Sunday, April 19, 2015

TFBT: Broiled Fish and Baby Brains

In "The Politics of Olympus" Jenny Strauss Clay says of the new-born god Hermes, "Hermes' precise status has remained in doubt: Is he a god or a mortal?...Hermes' identity crisis is only resolved when he finds himself unable to swallow the meat (the immortal cattle of Apollo) he had just prepared for himself.  With this unmistakable evidence of this divinity Hermes returns to Maia's cave."  So in short the gods can't eat of the grain or cattle of the earth. They are stuck nectar and ambrosia and the heady savory aroma of the burnt offers made in their honor.  So image my initial surprise in church today when the reading  as Luke 24:36-48.  The risen Lord reappears in the mists of his shocked and awed disciples. That aren't nature if they are seeing a ghost Or what.  He asked " Have you anything to eat?"  They gave Him a piece of broiled fish and He took it and ate it in their presence.  Before I wrote that the gossip writers had to address the then universal paradigm about demi-gods.  So now, Luke's  presented a god who can eat!  Oh wait that is why Christ is both fully man and fully God!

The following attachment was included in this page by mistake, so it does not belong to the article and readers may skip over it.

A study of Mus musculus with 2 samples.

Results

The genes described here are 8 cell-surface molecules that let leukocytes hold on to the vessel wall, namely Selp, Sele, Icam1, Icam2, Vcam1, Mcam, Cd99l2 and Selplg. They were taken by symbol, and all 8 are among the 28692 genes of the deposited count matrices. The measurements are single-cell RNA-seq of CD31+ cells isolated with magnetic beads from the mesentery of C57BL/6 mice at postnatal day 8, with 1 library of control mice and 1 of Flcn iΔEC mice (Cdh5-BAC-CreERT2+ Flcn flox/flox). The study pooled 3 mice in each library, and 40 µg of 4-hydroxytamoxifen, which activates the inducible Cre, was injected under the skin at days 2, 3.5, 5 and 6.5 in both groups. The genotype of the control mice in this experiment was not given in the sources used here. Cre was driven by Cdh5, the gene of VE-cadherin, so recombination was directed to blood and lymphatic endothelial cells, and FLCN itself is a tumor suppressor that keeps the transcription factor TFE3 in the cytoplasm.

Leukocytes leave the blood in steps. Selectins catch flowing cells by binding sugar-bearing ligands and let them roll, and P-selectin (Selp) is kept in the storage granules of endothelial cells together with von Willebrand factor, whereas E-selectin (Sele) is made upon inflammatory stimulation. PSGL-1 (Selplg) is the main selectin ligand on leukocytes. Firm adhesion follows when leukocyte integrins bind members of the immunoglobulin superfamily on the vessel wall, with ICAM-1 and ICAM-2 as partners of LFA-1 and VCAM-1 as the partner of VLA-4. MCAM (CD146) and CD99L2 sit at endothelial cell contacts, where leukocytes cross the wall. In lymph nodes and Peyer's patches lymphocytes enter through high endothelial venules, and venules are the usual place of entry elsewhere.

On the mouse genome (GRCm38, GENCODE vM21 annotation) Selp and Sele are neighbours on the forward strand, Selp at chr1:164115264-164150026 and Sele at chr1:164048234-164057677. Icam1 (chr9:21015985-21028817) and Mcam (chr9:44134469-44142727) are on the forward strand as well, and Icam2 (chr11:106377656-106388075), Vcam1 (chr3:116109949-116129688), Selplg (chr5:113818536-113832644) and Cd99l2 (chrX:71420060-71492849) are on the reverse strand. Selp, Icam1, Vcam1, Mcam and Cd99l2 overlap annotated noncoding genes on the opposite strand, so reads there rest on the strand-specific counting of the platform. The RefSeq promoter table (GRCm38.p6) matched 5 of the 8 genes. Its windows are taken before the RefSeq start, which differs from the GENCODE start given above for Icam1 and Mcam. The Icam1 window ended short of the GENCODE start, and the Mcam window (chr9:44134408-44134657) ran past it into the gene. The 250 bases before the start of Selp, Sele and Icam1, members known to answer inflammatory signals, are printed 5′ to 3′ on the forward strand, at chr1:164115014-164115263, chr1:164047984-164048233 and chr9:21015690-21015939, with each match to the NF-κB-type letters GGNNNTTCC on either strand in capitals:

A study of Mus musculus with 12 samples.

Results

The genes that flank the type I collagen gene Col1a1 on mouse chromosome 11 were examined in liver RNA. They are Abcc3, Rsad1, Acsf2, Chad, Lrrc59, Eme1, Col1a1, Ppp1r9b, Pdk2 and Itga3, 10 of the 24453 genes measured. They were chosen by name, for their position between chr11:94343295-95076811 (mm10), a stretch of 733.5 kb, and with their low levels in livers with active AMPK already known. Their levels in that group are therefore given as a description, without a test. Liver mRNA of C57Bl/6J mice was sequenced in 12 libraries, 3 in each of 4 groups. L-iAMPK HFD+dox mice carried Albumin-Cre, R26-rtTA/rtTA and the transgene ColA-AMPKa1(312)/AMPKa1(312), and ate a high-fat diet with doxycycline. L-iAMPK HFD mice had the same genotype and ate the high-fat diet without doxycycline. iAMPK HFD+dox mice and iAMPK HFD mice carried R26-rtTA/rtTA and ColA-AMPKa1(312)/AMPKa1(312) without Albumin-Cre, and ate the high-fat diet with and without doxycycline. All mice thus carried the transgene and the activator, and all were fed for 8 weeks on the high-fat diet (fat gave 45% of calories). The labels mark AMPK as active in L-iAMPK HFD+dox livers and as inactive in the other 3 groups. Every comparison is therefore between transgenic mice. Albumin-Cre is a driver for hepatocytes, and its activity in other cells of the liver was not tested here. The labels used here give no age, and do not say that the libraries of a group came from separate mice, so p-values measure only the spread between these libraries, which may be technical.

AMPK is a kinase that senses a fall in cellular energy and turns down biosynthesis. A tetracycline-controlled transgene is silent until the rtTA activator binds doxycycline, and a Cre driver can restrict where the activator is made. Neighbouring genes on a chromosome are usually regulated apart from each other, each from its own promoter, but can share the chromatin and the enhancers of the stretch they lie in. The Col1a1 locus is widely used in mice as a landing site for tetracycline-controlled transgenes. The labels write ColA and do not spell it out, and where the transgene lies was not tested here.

I got to thinking about the epithet; Cronides (also Cronion). It means Child of Cronus. Cronus was the King of the Titans and brutal father of the Olympian gods. Generally it refers to his sons Zeus and Poseidon, but can be applied to any of the elder Olympians. Supposedly it's usage is to remind the audience that they are his children and camp be just as cruel and abusive of their authority as he was.    If you don't know Cronus' story he ate all his children at birth; brains and all.   Zeus  "consumed" two of his own children Athena and Zagreus/Dionysus.  Athena was still in the womb at the time!  Wow, rough crowd!

1 comment:

  1. Jesus had to give some proof that he was indeed resurrected in flesh and blood. I wonder, what happened to his human body after that?

    My Hermes also is almost mortal. He is "ambrosia-dependent", i.e. his immortality is not intrinsic but must be supported by a constant supply of ambrosia.
    As far as I know, Greek gods could eat human food if this was needed for demonstration purposes - "for the sake of hosia".